In historic first, Danica leaps to next level
By RICK MINTER / Universal Uclick
For the first three days of Speedweeks at Daytona, all the buzz was about Danica Patrick and what she was doing off-track, specifically her romance with fellow Sprint Cup rookie Ricky Stenhouse Jr.
But after Sunday’s pole qualifying for the 55th annual Daytona 500, the talk shifted to Patrick’s activities on the track. She made NASCAR history by turning a lap at 196.434 miles per hour to win the pole for the 500. She became the first woman to win the pole for a race in the series now known as Sprint Cup. And she became the first driver since Jimmie Johnson in 2002 to win the pole for the sport’s most prestigious race in their rookie season. Patrick broke the qualifying record for females held by Janet Guthrie, who qualified ninth at Bristol and Talladega in 1977.
She will start the 500 alongside outside pole-sitter Jeff Gordon, and the remainder of the starting lineup will be determined after Thursday’s Budweiser Duels.
Like many a Daytona pole winner before her, Patrick gave much of the credit to her crew, led by veteran crew chief and Daytona Beach resident Tony Gibson.
“I appreciate the recognition, but it really falls, as I think I said before I went out on the track, 90 percent on Tony [Gibson] and his guys, everybody that gives me the car to go out there and be fast, and maybe 10 percent on me,” Patrick said. “All I have to do is think about going out there, being smooth, not letting the car bind up, running on that yellow line.
“Outside of that, I think it shows how well-prepared Tony and everybody was, how strong the Hendrick engines are, how good the new Chevy SS is.
We’ve been fast since practice in January.”
Gibson said Patrick, who will start on the pole for the first Budweiser Duel qualifying race on Thursday and on the pole for the Daytona 500 no matter where she finishes in the Duel, understated her contribution to the final result.
“It’s more than 10 percent because you can put a good product out there, but if you don’t have the person to drive it, put everything else together, it can really damage your day,” he said. “We just gave her a product that was really good and she took it the rest of the way. It’s more than 10 percent, I promise you. It’s 50/50.”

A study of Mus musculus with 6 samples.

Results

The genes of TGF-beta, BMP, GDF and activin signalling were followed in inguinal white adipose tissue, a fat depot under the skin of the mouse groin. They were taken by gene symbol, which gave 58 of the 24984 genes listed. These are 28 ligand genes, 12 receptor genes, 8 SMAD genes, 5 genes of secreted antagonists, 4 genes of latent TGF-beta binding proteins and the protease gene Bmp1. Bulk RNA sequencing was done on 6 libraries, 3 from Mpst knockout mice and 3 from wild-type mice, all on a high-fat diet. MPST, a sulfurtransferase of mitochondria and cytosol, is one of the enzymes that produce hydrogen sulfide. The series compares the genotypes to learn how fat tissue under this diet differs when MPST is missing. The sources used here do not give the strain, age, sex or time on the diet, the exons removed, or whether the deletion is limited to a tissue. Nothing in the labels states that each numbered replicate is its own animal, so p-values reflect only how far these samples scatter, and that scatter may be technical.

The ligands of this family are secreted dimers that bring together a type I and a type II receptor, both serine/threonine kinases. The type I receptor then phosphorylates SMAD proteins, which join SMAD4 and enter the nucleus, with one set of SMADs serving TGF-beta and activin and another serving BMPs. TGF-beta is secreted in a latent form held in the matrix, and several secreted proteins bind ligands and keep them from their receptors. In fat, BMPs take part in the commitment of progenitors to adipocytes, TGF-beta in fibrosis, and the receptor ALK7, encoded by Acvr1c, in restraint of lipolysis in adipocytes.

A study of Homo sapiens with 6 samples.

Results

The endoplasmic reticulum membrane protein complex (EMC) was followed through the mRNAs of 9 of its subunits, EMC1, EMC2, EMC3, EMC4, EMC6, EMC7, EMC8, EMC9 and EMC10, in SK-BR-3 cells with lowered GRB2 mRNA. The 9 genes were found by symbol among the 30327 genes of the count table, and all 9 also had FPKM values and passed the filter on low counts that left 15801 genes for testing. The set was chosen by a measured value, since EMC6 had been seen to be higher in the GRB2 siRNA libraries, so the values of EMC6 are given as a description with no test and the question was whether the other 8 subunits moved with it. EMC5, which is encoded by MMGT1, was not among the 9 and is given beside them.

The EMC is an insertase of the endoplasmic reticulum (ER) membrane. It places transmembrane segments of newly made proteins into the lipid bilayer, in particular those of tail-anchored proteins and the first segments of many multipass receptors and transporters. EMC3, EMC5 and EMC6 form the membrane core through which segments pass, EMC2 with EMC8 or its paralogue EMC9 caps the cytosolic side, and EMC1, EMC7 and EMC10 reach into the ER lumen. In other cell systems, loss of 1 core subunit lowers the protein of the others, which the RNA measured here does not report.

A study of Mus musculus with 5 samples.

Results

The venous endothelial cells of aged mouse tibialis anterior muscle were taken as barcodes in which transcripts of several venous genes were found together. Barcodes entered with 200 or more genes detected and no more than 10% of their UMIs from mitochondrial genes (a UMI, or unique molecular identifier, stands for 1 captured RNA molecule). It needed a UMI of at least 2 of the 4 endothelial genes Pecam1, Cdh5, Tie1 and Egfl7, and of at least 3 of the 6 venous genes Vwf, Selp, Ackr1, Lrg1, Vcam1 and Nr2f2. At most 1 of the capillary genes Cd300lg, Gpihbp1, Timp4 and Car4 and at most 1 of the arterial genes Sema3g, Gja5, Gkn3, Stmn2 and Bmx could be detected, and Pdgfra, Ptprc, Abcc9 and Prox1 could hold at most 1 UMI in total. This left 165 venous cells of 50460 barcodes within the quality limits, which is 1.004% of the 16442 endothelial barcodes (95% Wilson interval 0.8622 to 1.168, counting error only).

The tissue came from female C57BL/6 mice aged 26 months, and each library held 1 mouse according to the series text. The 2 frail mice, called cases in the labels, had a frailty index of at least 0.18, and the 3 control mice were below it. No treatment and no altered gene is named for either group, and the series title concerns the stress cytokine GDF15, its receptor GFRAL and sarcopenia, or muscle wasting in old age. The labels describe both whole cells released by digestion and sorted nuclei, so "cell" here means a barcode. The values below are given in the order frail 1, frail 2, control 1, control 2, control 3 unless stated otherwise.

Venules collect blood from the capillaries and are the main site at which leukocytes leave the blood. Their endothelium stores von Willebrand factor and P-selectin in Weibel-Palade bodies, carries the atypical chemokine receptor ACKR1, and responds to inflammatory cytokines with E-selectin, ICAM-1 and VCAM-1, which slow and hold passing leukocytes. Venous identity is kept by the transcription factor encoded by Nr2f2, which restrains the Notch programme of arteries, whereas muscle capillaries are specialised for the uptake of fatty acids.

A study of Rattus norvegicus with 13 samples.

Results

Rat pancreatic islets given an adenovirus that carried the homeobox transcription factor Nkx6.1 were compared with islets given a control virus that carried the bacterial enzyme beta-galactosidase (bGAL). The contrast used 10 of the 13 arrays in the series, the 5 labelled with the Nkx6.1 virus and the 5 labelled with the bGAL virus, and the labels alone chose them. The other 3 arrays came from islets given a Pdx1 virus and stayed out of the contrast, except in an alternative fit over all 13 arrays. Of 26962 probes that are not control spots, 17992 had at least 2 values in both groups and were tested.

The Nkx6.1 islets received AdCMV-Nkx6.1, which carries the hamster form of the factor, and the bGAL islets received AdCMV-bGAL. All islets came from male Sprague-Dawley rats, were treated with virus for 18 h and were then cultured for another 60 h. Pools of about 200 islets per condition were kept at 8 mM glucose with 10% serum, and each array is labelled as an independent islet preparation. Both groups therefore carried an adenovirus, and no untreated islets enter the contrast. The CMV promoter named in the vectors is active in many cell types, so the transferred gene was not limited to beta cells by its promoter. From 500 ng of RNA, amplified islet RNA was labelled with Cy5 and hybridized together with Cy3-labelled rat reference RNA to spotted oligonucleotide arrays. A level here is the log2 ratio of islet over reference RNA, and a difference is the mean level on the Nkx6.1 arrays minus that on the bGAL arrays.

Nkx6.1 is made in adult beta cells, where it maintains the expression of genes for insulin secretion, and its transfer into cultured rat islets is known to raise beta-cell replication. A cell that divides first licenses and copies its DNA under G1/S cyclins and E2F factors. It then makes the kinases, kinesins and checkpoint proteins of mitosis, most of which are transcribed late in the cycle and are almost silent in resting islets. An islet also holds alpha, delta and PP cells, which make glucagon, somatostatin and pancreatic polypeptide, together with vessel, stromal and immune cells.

Gibson also pointed out that Patrick had a lot on the line, not just because of her gender but because of her lack of a guaranteed starting spot for the 500.
“I’m proud of her,” he said. “I know there was a lot of pressure on her to come here and qualify well, in the top six, to lock us in. I’m proud of her to carry that weight on her shoulders. She didn’t falter. She did everything right. She hit her marks, hit her marks on the shifts, and here we are.”
Patrick, who also made history for women by leading laps in the Indianapolis 500 and by winning an Indy car race in Japan, attributed her record-breaking racing career in large part to fast cars, to her upbringing and to her ability to perform at a high level while under the glare of the spotlight that comes with being a high-profile female performer in a mostly male sport.
“First and foremost, I grew up with good values and good goals,” she said. “I was brought up to be the fastest driver, not the fastest girl. That was instilled in me from very young, from the beginning.
“Then I feel like thriving in those moments where the pressure’s on, has also been a help for me. I also feel like I’ve been lucky in my career to be with good teams and have good people around me. I don’t think any of it would have been possible without that.
“For those reasons, I’ve been lucky enough to make history, be the first woman to do many things. I really just hope that I don’t stop doing that. We have a lot more history to make. We are excited to do it.”